Male of the Species

This May sees the debut of Gotham Fiction teacher Alex Mindt’s short story collection Male of the Species.  The stories chronicle the lives of fathers in America—fathers of every race and class—heroic fathers, pathetic, abusive fathers, comical, desperate and brave fathers. Publisher’s Weekly calls it “tense and surprising throughout” and Entertainment Weekly made it a “Pick of the Week,” saying the author “perfects the tragic poetry of dreams deflated by the weight of the world.”

Here’s an excerpt from “Sabor a Mi,” the Pushcart Prize-winning story of an old Mexican immigrant who walks from Santa Fe to Taos in order to stop his daughter’s lesbian wedding.


The dirt on the roadside is hard and dry, and the ravine beside me is full of rocks and no water. In this country, rivers and streams, they dry up. The sky takes our lives away. We become clouds. When it rains I see all the people who’ve gone before me. Mami, Papi, my baby boys. I see Tío Julio on a mattress under an apple tree, playing a guitar with only three strings. There are black birds and rotting apples.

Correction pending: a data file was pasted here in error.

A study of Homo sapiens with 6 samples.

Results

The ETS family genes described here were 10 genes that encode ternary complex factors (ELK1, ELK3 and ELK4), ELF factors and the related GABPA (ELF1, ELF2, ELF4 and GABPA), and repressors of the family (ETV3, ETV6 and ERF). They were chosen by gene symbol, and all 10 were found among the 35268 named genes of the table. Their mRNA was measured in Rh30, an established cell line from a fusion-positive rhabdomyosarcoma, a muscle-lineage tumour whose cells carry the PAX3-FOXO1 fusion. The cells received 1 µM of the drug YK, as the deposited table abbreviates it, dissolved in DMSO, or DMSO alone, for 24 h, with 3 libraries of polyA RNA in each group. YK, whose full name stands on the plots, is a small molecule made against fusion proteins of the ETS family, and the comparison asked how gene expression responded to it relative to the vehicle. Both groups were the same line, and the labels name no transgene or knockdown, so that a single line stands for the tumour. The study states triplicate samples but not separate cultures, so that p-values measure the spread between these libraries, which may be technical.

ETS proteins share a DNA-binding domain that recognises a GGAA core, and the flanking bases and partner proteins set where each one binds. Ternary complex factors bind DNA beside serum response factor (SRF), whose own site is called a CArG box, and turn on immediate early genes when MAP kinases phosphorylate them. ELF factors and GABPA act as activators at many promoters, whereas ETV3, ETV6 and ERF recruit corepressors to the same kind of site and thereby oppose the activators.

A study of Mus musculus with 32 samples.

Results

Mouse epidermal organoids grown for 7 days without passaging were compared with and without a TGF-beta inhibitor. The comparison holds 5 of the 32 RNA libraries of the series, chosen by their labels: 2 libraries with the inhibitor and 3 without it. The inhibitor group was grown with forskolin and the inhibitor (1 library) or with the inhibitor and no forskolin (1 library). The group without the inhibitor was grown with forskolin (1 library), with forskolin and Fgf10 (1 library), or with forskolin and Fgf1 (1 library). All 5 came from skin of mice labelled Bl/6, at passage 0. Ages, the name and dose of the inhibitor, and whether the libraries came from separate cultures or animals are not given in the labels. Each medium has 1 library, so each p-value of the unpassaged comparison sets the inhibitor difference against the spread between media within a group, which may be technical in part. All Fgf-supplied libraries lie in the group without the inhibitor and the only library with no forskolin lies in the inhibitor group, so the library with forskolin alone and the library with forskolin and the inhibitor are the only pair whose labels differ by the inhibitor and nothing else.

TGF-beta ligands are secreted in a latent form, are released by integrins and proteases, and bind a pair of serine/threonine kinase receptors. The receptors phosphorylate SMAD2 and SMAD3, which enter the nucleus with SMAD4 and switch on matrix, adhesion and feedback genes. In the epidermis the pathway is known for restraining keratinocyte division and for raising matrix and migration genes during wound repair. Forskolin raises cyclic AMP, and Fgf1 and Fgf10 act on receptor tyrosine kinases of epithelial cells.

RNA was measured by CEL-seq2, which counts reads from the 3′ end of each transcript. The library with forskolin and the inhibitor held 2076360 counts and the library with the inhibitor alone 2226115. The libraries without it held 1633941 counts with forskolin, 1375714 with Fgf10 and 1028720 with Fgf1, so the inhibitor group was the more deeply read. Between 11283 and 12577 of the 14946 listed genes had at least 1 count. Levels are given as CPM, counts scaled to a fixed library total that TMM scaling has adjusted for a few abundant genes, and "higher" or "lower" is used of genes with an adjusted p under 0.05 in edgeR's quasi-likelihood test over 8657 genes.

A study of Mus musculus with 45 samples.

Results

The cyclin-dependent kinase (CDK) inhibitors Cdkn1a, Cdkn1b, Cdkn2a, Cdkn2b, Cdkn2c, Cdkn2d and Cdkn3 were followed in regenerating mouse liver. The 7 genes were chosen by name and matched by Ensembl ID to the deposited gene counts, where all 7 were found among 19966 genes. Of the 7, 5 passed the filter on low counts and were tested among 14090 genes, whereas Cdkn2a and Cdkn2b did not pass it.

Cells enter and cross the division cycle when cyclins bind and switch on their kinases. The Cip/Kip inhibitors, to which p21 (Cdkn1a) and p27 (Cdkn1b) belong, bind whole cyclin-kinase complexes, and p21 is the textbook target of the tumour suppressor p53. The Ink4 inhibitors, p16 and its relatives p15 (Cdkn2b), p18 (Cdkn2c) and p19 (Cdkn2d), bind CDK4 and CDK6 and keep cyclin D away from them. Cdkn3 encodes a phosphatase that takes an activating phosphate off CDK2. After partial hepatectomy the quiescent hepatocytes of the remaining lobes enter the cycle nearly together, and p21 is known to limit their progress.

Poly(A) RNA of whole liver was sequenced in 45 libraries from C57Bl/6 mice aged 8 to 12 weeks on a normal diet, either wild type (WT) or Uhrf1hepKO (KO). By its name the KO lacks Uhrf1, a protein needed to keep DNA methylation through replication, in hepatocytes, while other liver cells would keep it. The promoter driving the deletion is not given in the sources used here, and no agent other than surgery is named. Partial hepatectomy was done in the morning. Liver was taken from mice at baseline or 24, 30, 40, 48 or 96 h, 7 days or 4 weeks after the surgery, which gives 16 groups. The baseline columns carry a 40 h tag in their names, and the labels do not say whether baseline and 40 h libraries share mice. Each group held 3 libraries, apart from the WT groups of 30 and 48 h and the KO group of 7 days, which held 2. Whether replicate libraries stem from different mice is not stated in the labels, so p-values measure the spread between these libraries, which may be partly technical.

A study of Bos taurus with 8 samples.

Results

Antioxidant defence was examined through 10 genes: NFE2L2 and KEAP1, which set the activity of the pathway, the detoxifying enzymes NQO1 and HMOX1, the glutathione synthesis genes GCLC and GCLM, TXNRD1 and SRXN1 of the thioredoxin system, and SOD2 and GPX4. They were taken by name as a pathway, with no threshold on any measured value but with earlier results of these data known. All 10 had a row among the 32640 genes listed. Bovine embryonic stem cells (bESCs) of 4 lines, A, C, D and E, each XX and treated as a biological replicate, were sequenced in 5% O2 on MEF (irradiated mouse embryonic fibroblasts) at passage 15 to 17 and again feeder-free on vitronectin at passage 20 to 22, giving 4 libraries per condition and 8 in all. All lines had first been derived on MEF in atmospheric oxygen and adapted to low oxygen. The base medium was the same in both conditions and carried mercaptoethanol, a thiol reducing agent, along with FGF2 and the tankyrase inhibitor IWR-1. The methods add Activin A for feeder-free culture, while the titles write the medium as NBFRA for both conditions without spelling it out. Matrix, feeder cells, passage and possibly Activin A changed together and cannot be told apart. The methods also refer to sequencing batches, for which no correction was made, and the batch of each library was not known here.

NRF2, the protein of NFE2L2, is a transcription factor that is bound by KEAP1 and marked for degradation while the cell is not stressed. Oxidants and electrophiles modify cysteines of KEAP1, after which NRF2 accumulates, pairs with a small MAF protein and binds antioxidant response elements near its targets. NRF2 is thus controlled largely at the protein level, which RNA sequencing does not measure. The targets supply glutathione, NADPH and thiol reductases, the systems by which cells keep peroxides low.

But I don’t see you, Rosi, and every time it rains I ask, what is wrong? What did I do? I would like it to rain. Sweat now is bubbling up under this wool suit I still have, this suit you bought for me, for Raquel’s quinceañera so many years ago. Do you remember Tío Julio and his band playing “Sabor a Mí” in the darkness, and how we danced? Do you remember the lovely noise of that night and the sangria, how the neighbors came over and then more and more until our yard was full of dancing?

I need a car to pull off now. My knees are burning with every step. I will stop and wait here until someone pulls over. This is a country made of rushing. Here, no one is anywhere, they are in between places. Only the dead are content.